The title of this post will most likely make my in-laws smile. Just about every year at this time we all have a chuckle about those two little words. But I think there actually is an answer to that question.
A Little Background
About thirty-five years ago I started dating the girl who I eventually married. Although we lived in the same neighborhood, we were pretty different. I was blond and she was brunette. My family heritage was English while hers was French. I went to a technical-vocational high school whereas she attended a traditional high school. I was fairly smart, but she was smarter. My family celebrated Christmas on Christmas day, hers celebrated on Christmas eve (that has been a huge blessing over the years - never having to argue over whose family we visited on Christmas day). And the biggie: I was raised Protestant, but she was Catholic. One of the more obvious differences in the two traditions is the Protestant’s complete lack of exposure to Latin.
One Christmas season while we were dating I found myself at her house with her family for their annual tree decorating ceremony (another difference in our families). They were gracious enough to let me join in their tradition. Each person would take an ornament and add it to the tree and then it was the next person’s turn. Then we repeated the process until we were done. I had noticed that there were a lot of home made ornaments, and they all had the name of the person who made them written on them.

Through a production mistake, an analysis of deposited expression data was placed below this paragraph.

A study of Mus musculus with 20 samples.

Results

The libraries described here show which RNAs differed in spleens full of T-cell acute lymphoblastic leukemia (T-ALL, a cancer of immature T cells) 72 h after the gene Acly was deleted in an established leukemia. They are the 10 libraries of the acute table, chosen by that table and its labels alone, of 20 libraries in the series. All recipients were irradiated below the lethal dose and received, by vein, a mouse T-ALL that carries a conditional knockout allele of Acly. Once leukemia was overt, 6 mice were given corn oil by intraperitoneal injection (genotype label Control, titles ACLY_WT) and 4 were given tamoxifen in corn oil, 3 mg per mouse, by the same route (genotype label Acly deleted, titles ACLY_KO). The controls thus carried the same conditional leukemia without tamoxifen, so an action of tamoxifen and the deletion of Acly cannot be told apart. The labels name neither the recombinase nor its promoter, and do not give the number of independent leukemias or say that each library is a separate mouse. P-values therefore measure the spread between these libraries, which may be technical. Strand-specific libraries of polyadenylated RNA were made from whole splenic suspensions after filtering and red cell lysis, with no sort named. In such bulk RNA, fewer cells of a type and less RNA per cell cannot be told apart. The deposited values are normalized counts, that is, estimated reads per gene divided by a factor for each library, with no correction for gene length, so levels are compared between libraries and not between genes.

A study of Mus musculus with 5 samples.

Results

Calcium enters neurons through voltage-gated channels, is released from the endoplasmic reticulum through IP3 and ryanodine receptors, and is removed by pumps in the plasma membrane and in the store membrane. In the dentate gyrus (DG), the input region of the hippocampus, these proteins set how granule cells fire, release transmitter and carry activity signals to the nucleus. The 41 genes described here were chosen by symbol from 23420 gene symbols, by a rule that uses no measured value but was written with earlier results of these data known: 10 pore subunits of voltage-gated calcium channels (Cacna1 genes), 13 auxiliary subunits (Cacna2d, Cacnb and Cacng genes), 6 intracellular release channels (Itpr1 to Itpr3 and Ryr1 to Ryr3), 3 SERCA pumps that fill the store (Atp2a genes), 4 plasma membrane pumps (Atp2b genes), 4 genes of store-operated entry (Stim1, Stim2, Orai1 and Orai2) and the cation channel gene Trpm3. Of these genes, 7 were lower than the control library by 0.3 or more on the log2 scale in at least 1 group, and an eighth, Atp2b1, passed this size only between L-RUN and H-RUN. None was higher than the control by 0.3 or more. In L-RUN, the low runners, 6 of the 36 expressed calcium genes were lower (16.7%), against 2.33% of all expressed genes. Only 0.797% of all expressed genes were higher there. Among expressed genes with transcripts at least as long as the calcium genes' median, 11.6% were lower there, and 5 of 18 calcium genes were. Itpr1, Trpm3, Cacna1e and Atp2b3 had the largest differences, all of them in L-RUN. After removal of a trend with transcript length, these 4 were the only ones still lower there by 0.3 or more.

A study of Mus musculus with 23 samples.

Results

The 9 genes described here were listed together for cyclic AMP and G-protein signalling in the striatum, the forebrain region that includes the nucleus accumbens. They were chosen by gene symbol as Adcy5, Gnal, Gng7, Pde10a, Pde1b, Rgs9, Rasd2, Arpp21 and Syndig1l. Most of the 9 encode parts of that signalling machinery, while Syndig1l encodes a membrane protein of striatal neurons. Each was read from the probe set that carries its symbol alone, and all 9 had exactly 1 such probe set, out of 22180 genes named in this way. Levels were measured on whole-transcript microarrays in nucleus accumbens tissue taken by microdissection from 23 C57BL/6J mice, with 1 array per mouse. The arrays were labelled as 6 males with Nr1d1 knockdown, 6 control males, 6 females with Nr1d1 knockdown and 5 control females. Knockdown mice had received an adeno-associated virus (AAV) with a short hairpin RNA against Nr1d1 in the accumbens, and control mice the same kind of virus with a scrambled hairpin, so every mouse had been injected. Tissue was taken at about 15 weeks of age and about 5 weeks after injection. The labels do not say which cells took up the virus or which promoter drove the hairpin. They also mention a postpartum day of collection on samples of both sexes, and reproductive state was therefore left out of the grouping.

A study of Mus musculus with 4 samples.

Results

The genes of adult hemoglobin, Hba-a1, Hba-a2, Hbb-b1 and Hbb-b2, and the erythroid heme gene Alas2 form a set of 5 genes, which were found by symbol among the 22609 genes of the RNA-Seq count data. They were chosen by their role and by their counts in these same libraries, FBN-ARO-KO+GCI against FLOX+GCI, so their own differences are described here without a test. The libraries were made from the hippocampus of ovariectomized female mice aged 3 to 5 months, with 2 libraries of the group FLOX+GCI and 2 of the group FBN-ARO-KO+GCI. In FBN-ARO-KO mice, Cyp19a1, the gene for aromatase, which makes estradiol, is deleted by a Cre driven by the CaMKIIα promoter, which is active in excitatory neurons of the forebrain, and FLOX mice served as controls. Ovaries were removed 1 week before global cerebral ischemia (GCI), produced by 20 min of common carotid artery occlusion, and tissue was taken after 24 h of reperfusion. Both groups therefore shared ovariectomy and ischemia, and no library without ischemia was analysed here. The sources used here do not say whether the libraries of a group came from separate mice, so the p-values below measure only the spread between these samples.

Well, at some point I came across an ornament that was a small nativity. Emblazoned across the top was “Gloria”. It’s important to remember at this point that I had absolutely no knowledge of Latin - and after all, a lot of other ornaments had names on them. So I innocently and curiously asked, “Who’s Gloria?”
This got a couple of chuckles in the “Oh, that was pretty clever” kind of way until I said, “No, really. I thought I knew your whole family. Who’s Gloria?” This changed the chuckles to all out guffaws! People were laughing so hard that tears were coming out of their eyes.
I was confused and I wasn’t getting any answers because people couldn’t stop laughing. Eventually someone told me that “Gloria” was Latin for Glory. “You know - as in ‘Gloria in excelsis Deo!’” This was absolutely no help to me, which only brought more laughter. In the due course of time I learned that Gloria in elcelsis Deo means Glory to God in the highest. Lesson learned.
Okay. Now what?
So, how do we go from an ignorance of Latin causing a silly, unanswerable question to my assertion that it’s a real question that has an answer? By examining the very reason for God to live among us in the first place.
The answer, of course, is told in John 3:16. For God so loved the world that He gave His only begotten Son. Love is the answer. Love is the reason for the glory. Without God’s love, there would never have been a birth of a Savior.
Love. That thing that brings family together. For nearly thirty-five years, now, I have been lucky enough to be present at every Christmas eve family gathering. And at every one the love to be felt is ever-present.
I love the family I grew up with very much, and I enjoy spending time with them. But my “new” family is very different from my birth family. They taught me about love in different ways than I would have otherwise learned had I never known them.
So, now that we know who Gloria is, I think we can rest well knowing that she’s very happy that spirit is felt.